Macrotis lagotis, '(Greater) Bilby'. Bandicoot shaped, but with very long rabbit like ears. Digs down-spiralling burrows into which it shelters by day or hides from predators. A previously widespread species found in arid habitats across Australia, and until the turn of last century was recorded around Adelaide and Perth, however, it is now rare and mostly restricted to arid parts of north west. Has been re-introduced into Cape Peron area of Shark bay and some WA islands.
Many species of kangaroo and larger wallaby are sexually dimorphic, with the males being a different colour and much bigger than females.
Bettongia lesueur, 'Burrowing Bettong', 'Boodie'. Once very common, this species is mostly extinct on the mainland, now survives only on islands. Lived in dry woodlands and arid grasslands.
Lagorchestes hirsutus, 'Rufous Hare-Wallaby', 'Mala'. This species is now mostly extinct on the mainland, and survives only on islands. Lived in arid grasslands.
There are over 60 species of kangaroo and wallaby found Australia, including many species across the arid habitats of the continent.
Osphranter robustus, 'Euro', '(western) Wallaroo'. These large kangaroos have more developed fore-arms and longer fur than grey or red kangaroos (making them appear 'shaggier'). They live mostly on and around rocky hills, but are larger and clumsier in their rocky habitat than rock wallabies. They are usually seen in pairs or alone. They are widespread across much of Australia.
Rock Wallabies are adapted to living within a rocky habitat.
They are capable of long and fast leaps within their steep habitats
Petrogale lateralis, 'Black-flanked Rock Wallaby'. Striking black markings along muzzle, under arms and on top of feet. A black stripe runs down along back. Found in rocky habitats across arid parts of western and central Australia. There are many isolated populations within this range. Some of the populations vary in chromosomal counts from each other, and could be considered ongoing speciation in action. Most easily seen on the walk up Yardie Creek canyon (south of Exmouth), where some individuals are quite used to humans.
Petrogale rothschildi, 'Rothschild's Rock Wallaby'. Has a purple sheen on shoulders and back of head. Found in rocky habitats in Pilbara region, including islands.
Petrogale xanthopus, 'Yellow-footed Rock Wallaby'. It has been suggested that this is the most colourful native mammal in Australia: grey-brown back, dark shoulder and tail tip, white thigh and flank stripes, orange on ears, arms and legs. Found in remote rocky areas in some parts of NSW and Queensland, but best known from South Australia, especially Flinders Ranges. The small population in NSW was only discovered in the 1960's. The largest population of this species is found in western Queensland. I have not seen this population, but they are found around Hell Hole, a remote national park with no facilities and only accessible via 4WD . Even though these Yellow-footed Rock-wallabies look the same as the NSW/SA population, they are considered a subspecies, and indeed there is a larger genetic difference between these two subspecies than between some other rock wallaby species. This animal was once considered common in Flinders Ranges, but the beautiful coat led to the animal being hunted for it's pelt, and thus it's numbers were drastically reduced.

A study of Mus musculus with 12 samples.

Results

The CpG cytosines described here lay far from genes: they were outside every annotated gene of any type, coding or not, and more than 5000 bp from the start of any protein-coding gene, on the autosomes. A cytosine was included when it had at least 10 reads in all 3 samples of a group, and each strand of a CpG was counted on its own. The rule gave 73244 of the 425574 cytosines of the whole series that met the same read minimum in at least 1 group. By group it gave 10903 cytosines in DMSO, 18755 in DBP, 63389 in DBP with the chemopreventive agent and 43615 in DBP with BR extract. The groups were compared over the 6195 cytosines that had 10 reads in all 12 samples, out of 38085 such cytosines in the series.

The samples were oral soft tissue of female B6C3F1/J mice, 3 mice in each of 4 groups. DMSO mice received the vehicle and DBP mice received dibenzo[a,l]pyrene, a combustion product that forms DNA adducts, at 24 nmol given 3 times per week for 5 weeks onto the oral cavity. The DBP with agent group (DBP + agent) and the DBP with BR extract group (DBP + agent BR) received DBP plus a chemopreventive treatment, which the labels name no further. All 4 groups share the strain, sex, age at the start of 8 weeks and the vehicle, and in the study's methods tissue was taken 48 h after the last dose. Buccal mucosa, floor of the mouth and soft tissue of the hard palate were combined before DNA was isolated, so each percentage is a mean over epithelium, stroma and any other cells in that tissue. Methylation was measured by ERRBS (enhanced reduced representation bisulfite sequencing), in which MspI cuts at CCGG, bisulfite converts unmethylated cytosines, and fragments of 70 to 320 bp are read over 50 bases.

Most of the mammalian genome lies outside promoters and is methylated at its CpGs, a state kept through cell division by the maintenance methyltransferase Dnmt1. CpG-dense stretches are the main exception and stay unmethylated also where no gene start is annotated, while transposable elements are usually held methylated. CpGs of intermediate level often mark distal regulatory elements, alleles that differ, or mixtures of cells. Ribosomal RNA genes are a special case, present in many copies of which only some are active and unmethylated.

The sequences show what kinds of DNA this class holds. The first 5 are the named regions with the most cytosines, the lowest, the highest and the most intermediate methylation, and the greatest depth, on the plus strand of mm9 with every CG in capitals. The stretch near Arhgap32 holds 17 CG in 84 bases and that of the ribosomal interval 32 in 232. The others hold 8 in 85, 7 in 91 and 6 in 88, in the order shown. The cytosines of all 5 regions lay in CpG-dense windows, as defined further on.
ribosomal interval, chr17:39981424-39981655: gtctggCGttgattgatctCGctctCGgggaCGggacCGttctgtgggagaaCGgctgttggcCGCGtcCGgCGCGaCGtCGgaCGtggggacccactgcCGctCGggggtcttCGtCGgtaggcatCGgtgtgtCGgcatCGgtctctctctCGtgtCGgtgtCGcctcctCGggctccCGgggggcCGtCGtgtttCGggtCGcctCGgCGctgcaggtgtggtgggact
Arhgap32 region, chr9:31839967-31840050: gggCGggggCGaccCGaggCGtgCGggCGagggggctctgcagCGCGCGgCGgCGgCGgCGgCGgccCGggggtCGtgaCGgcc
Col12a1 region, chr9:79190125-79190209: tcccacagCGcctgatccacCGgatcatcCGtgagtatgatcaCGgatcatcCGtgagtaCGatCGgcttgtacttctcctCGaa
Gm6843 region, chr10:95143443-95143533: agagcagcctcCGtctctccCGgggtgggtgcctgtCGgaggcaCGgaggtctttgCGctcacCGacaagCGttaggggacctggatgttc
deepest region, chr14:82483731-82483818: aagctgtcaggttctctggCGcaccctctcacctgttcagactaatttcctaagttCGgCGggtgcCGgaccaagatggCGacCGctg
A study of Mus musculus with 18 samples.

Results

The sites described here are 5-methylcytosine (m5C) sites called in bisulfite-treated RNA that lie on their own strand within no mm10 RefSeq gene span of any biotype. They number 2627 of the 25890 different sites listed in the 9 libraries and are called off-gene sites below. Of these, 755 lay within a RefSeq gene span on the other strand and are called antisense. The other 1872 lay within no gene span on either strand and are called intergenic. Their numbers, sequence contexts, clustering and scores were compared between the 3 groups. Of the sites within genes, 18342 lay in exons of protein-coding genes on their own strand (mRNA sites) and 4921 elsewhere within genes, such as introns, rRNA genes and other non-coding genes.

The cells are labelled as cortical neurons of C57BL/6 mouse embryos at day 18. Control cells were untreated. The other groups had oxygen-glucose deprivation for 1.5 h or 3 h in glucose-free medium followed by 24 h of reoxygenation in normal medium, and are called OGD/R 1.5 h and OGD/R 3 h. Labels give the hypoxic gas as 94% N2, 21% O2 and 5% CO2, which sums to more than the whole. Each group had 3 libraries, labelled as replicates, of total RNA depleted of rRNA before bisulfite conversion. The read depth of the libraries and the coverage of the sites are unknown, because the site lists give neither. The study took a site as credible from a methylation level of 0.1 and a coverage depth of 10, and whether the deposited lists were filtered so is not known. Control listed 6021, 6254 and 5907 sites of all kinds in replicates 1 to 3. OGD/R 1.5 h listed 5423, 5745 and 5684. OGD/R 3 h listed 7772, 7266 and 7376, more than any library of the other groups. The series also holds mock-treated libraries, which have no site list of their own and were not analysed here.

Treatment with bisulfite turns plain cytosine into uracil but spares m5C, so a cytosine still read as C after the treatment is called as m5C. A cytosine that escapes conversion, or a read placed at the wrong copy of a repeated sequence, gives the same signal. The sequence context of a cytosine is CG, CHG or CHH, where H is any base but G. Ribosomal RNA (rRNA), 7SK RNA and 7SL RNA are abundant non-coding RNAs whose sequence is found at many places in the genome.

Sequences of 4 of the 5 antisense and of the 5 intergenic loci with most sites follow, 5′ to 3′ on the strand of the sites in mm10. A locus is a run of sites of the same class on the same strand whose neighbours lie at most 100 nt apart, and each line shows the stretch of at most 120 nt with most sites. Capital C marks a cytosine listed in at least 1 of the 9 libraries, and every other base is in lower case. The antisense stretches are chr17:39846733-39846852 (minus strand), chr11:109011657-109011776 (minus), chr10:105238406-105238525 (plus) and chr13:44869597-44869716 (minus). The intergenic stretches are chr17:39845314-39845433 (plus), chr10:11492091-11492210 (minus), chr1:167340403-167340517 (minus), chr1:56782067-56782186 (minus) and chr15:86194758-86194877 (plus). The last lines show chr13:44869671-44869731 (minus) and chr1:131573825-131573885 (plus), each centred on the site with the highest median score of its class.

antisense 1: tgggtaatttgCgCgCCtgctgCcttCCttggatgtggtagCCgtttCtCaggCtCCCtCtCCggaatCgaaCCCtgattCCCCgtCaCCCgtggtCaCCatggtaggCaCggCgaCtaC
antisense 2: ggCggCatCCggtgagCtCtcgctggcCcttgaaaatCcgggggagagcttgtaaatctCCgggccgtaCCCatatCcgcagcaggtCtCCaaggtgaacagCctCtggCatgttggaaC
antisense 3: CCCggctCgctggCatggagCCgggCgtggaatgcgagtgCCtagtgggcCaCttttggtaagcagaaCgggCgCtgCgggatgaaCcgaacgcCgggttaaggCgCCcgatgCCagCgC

Camels are the only hoofed mammals to mate in the sitting position. Lazy buggers. The males ejaculate three or four times during the mating session. Ok, not so lazy then.
Camelus dromedarius, 'Dromedary (one-humped) Camel'. Largest of the three extant camel species. As the name suggests, they have one hump on the back. When in heat, the males inflate part of their palate into a large red balloon (called the dulla), which hangs out of the side of their mouth like a swollen tongue. Apparently, the females are attracted to the male with their tongue hanging out (this doesn't work for humans). Also, it is not true that females attract the males with their camel toe. This is a domesticated species, and it is thought they have not existed in the wild in their native habitat for thousands of years. They are originally from the drier areas of northern Africa. They were introduced into Australia and it is thought there are over half a million feral individuals wandering around western Queensland, northern SA/southern NT, and mostly Western Australia.
Canis lupus, 'Dog', 'Dingo'. Dingoes are a a type of dog, and they inter-breed freely. The wild dog was introduced to Australia some 5000-6000 years ago. They no doubt had a far larger effect than we can ever know. Dogs still continue to be a major problem today, killing wallabies.